Today, I am honored to share a part of my story on Sarah Bailey Farish's blog as part of her 30 Days of Story project. Feel free to hop over and read how I get to that place where I AM is where I simply am.
For readers of that story, and for pretty much anyone who has ever heard pieces of my story, it's easy to kind of get lost in this crazy, messed-up love that doesn't always look like love and yes, has not necessarily always felt like love. Until a few years ago, I would have adamantly, unarguably, woundedly insisted that I had never been loved.
But that's simply not true. As I'm coming to discover through my own broken love, I have always been crazy loved. Just emphasize that "crazy" a bit.
The pain, I think, has been from this word "love" being so often disconnected from what I always imagined the experience of love ought to be. My family never hesitated to say "I love you" when walking out the door, hanging up the phone, sometimes even going to bed at night. And the truth is that it was explicitly clear that if you're family, we love you. Regardless of anything else that might ever happen, we love you because you are family, you are a part of us, and even when we don't always like you, we love you. This has been true from my end, as well. Love was a noun.
I've known the word love, but I have been so lost on what that looks like.
As I continued to grow through life and through circumstance, I kind of found my own breed of love and started trying to put motion behind my words. To really love people, as if love were a verb. I found a few ways to do that, I thought, and it lent more pain to that hollow place in me that had never imagined love could be so....felt. When I discovered that love ought to be more than just something that sounds good, I couldn't figure out what that four-letter word we'd been using really meant any more. If it had ever meant anything at all.
Because the more I learned to really love people, the more I longed to be loved. To have ever been loved. And I was looking back on a story that didn't look like love to me.
But it was a story I was only beginning to touch. Time wore on, and I came face-to-face with more of my woundedness, more of my own brokenness, and I caught new eyes to see my greater heart in all of this mess that I had no idea needed so much sorting through, so much touched. Wrapped up in all that hurt was somehow, somewhere God, and I got this very small taste of what Love really is.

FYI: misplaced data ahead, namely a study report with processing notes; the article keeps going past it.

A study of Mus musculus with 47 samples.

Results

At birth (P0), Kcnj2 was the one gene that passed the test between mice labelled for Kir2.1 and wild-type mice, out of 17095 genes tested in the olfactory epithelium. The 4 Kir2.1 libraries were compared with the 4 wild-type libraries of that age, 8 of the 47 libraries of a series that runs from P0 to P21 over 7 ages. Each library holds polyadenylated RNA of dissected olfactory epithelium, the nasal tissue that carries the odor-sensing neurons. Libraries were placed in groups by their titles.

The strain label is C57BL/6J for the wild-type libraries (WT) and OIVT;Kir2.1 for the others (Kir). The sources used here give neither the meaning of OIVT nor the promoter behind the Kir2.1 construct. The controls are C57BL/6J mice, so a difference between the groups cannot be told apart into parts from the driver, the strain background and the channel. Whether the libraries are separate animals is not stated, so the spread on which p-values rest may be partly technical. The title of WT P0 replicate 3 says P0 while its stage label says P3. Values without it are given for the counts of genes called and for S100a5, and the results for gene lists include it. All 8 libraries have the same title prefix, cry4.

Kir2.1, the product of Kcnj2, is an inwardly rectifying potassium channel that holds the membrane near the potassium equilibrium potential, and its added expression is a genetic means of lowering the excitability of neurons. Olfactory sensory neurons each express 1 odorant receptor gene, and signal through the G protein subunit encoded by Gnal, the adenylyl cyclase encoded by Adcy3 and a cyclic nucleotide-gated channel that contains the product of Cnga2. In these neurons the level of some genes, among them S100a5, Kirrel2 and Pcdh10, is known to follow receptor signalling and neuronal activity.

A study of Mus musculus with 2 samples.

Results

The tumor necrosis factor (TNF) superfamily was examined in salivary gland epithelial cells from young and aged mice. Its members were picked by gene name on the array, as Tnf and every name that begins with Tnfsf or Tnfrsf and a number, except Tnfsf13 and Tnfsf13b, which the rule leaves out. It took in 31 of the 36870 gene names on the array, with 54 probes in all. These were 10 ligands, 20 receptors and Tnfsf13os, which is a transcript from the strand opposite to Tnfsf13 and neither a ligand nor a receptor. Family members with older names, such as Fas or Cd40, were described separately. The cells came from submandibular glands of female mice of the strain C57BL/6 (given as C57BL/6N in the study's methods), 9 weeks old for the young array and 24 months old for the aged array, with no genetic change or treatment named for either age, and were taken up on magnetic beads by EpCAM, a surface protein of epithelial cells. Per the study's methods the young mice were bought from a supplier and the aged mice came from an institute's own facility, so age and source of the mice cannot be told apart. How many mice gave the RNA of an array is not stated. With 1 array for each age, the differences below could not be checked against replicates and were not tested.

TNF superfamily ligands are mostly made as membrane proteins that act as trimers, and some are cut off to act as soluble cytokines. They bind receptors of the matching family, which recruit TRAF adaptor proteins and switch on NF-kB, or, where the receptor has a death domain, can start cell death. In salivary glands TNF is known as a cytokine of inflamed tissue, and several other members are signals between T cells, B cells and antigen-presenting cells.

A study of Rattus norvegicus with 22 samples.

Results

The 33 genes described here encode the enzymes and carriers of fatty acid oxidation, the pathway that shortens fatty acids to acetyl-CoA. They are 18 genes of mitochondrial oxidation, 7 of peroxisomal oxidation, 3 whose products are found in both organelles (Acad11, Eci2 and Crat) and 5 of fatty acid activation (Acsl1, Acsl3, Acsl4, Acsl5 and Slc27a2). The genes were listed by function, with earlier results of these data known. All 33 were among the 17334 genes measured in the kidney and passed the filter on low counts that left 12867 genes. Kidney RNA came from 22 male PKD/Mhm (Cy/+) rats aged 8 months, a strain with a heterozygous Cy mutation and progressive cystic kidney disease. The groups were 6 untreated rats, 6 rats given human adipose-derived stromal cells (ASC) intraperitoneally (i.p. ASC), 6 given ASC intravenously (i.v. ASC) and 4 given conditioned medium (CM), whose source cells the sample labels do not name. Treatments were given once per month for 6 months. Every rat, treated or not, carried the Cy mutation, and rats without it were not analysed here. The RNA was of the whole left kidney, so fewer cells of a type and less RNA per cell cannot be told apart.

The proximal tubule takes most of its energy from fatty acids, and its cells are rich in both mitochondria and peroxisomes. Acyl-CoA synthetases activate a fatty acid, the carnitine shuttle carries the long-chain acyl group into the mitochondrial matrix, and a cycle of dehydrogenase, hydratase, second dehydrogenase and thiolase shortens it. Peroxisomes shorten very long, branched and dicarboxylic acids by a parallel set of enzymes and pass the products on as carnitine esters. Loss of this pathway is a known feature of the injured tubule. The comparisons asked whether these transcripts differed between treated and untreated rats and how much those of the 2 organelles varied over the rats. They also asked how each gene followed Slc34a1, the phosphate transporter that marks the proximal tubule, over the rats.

Love embraces the constancy of the noun and the tangible experience of the verb.
I'd been in the battle between them both. Growing up not feeling it, but knowing it...and somewhere finding it, but not always knowing it. I'd come to feel like if I wasn't actively loving you, I wasn't loving you at all. Then I'd suddenly find in all my idleness that of course I love you, but I hadn't been showing it.
My love was as crazy, messed-up, and broken a love as I'd so long resented having in my narrative. Guilty.
I was able to see, as I continued to dive through my own story, how my own brokenness changed my love. It changed my motives. It changed my actions. It changed the way I was able to relate to the loved and to love itself. And one day, I looked at some of the very same people - some family, some friends - who I resented for not loving me, and I was able to see through their brokenness what their measure of love was.
I never felt so loved.
I learned to appreciate the kind of crazy love coming from crazy people all around me. You can't blame people anymore for the broken way they love you when you plainly see that that's the only love they have to give. When you realize that your crazy, broken love is the only love you have to give.
At the same time, there was this holy love all around me, this broken, messed-up love wrapped around the core of God's love, which my heart was trying to feel. I just...couldn't. I didn't know how. I still don't know how. I have all these grand ideas about what love is, what it's supposed to be, what it's supposed to feel like and yet, I can't figure out how to let myself feel loved by that.
I mean, it's there. It's here. Pure love is here, and it's absolutely everything I ever imagined it would be. Perfect. Peaceful. Promising. Present. I've discovered so much about the perfect love of God, and there's this deep ache as I yearn to let myself settle into that a little. Take it in. Trust it. Believe it.
It's just so pure. It's just so fantastically wonderful and everything I could have imagined it would be and so much more, and it's a hard kind of love to let myself get so wrapped up in because it's so radically different than the crazy, messed-up, broken love I can finally appreciate.
But then I think about what this love really is, what this love really means. I think about what it is that's being loved, this entirety of me as broken, messed-up, and whacked out as I am and about Who it is who's loving, this perfect, passionate, righteous, holy Lord, the very Author of Love who loves me with His fervent, inexplicable Love...and you know what? That seems sort of crazy, too. That God would be so crazy about me.
So I can only conclude that this is all that love is - this steadiness of a noun that defines that love simply always is and the experience of the verb that is whatever we bring into it, as both the lover and the loved. And it's not so hard to see that I have always been crazy loved.